By: Sterling Perkinson and Harrison Taylor
Transition Period Extension
In an August 9th court filing, the DOL announced it will extend the transition period for three prohibited transaction exemptions relating to the fiduciary investment advice rule (the “Fiduciary Rule”), including the Best Interest Contract (BIC) Exemption, to July 1, 2019. Previously, the transition period was set to end on January 1, 2018. The DOL’s extension of the transition period delays for at least 18 months the more onerous conditions of the BIC Exemption. The DOL has been considering making changes to the Fiduciary Rule or related exemptions during the transition period, and the SEC has indicated that it intends to engage constructively with the DOL on these issues.
During the transition period that began on the Fiduciary Rule’s June 9, 2017 applicability date, service providers relying on the BIC Exemption must comply with more limited rules, including (i) providing investment advice that is in the best interest of the plan, (ii) receiving no more than reasonable compensation for their services, and (iii) not making any materially misleading statements regarding a recommended transaction, their conflicts of interest, or other matters relevant to the investment decision. For more information on the transition period, see our Legal Alert.
Additionally, the DOL issued a set of Frequently Asked Questions (FAQs) on the Fiduciary Rule last week that are intended to resolve a difference between the Fiduciary Rule’s transition period requirements and the fee disclosure requirements of ERISA section 408(b)(2) (the “Fee Disclosure Rules”). These FAQs may require some service providers to ERISA plans, such as 401(k) or pension plans, to take action as soon as possible to notify the plans of their status as fiduciaries. The FAQs do not require any additional disclosures to IRAs because the Fee Disclosure Rules do not apply to IRAs.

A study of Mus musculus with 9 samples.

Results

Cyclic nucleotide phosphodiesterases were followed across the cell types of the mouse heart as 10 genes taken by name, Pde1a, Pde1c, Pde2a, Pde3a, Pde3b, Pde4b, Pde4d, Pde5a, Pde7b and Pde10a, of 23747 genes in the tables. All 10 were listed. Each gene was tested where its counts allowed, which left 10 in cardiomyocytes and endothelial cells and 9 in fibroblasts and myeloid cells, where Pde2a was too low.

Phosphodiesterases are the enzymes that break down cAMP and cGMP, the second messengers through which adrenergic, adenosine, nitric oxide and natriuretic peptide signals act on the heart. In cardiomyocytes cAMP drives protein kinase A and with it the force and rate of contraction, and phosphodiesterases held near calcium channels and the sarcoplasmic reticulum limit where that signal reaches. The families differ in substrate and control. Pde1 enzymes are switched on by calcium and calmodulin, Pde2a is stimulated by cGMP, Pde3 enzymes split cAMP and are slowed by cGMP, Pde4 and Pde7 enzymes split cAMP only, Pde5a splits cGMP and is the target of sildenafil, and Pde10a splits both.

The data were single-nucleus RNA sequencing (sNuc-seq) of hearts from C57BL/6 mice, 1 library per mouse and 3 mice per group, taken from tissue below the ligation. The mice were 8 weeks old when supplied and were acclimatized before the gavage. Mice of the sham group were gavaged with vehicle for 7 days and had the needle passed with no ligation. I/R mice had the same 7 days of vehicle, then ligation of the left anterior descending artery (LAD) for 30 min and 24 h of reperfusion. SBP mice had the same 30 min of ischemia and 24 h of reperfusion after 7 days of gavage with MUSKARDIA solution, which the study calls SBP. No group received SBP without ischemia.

Although the BIC Exemption does not require disclosure of one’s fiduciary status during the transition period, the existing Fee Disclosure Rules require “covered service providers” to ERISA plans, including investment advisers, broker-dealers or recordkeepers, to inform the plan if they will provide, or reasonably expect to provide, services in a fiduciary capacity. Because the Fiduciary Rule expands the scope of what constitutes fiduciary services, some service providers may have first become fiduciaries upon the applicability date of the Fiduciary Rule on June 9, 2017, which would trigger a notification of a change in fiduciary status under the Fee Disclosure Rules.
This creates a tension between the Fiduciary Rule’s transition relief, which allows service providers to hedge their bets on fiduciary status during the transition period as changes to the Fiduciary Rule are still being considered, and the Fee Disclosure Rules, which require disclosures of one’s fiduciary status. The FAQs attempt to resolve this tension in two ways:
- Fee Disclosures Disclaimed Fiduciary Status. If the plan service provider has disclaimed fiduciary status in a contract or by other disclosures, it must make a corrective disclosure as soon as practicable, even if this is beyond the 60-day deadline that ordinarily applies under the Fee Disclosure Rules for notifying plans of a change in fiduciary status . The corrective disclosure does not have to state the plan service provider is a fiduciary. Rather the DOL will consider the corrective disclosure sufficient during the transition period if it provides an accurate and complete description of the services provided without disclaiming fiduciary status. After the transition period, if the plan service provider qualifies as a fiduciary under the Fiduciary Rule, it will have to make a second corrective disclosure acknowledging its status as a fiduciary.
- Fee Disclosures Did Not Disclaim Fiduciary Status. If the plan service provider has not disclaimed fiduciary status, it will not need to update its disclosures during the transition period as long as its disclosures are an accurate and complete description of the services provided. At the end of the transition period, if the service provider is a fiduciary under the Fiduciary Rule, it would have to make a corrective disclosure at that time acknowledging its status as a fiduciary.
In addition to discussing the Fee Disclosure Rules, the FAQs also confirm that recommendations to contribute to (or increase contributions to) a plan will not make one a fiduciary as long as no advice is provided on specific investments.